Hello I wanted to run a few issues by you guys. This is a long post but I wanted to give you as much info as I could. I will also post a picture of my sump basin to help clarify.
First to describe my house. The front of my house is on top of a steep hill. The hill is about 20 feet above ground level. The right side of my house is also about 20 feet above ground level. To the left of my home we are about 5 feet lower than our neighbor The back yard is flat and about 3/4 of an acre but is also below my lefthand neighbor. My sump pump basin is located on the right or "high side" of this equation. The lawn on the left side and back of my house between me and my neighbor gets extremely saturated with some patches of stagnant water after a big storm.
The sump basin has 2 4" black lines that enter into it. During the past storm these lines were completely dry. Water was literally gushing in around them though through the hole that was made to allow the lines to enter the basin.
I bought the house used but it was built in 2006 and is relatively new construction. It is 3500sq ft. There are 6 rain spout drains that "disappear" into the ground and are not daylighted anywhere around my house. They do go into the same type of black 4" pvc but it does not seem to be the same 4" line that ties directly into the basin since the line entering the basin is dry. I can also say for sure that they are not backing up with water in any way.
I do not believe they are tied into the storm sewer but I suppose they could be. Honestly I believe they are not and are likely somehow connecting back to the sump basin.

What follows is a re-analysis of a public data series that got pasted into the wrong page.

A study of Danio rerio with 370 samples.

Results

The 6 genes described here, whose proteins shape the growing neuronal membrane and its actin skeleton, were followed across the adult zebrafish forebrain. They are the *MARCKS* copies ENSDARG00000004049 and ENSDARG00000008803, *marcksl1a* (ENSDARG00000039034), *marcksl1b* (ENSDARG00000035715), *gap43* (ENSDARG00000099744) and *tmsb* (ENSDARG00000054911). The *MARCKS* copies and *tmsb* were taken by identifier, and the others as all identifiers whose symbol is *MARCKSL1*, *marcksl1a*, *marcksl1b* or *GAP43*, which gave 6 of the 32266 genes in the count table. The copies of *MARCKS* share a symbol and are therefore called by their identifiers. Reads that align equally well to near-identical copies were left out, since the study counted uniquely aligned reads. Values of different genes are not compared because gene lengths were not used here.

Regarding the 2 4" lines in the sump basin:
Since I was not around when this was built I do not understand the grand plan with this. Are these lines possibly drain lines that will empty the sump if the water reaches them? My sump pump was running about 40 out of 60 seconds per minute in short bursts to keep the water out. I have a battery backup but I doubt it could last that long if I lost power so I am trying to come up with a real solution to the issue.
After the storm we were still taking a fair amount of water. I disconnected the sump pumps to see what would happen if the water ever reached these black 4" lines. The water did not reach the lines. Basically the sump basin filled up to the point where water was entering the basin (right below the black pipes) and then stopped.
All of this leaves me to a few questions:
#1. Any clue what the likely intention of these black lines were and why there is no water entering them?
#2. Why would the water stop entering the basin once it reaches the point of entry? Is it simply finding another way out from under the house, or once it reaches this level does it start backfilling under my house and simply rise at a much slower rate, ultimately leading to a flooded basement after time has passed.
#3. From a drainage perspective, I believe I could run a slightly angled pipe directly out the bottom of the sump pump basin through the hill that my home sits on and still be above ground level. Can this be done? I don't understand why it wouldn't have been the default approach thus eliminating the possibility of a sump pump failure. Is there an issue with cutting the hole for such a line in a basin that never intended for it to be there?
Given that my house sits this high I am confused as to why I would be taking on so much water. My only guess is that it is a combination of the neighbor’s elevation but also possibly my gutters draining directly into the basin. It seems like a large risk for them to have planned for the gutters to drain into the basin though and I am not sure if that is something that is typically done. Also I would have expected the gutters to be draining directly to those black pipes that enter the basin. It seems as if the water is getting from the gutters to the basin in slightly less direct means.
any insight is welcomed. This is my first house and I am clueless.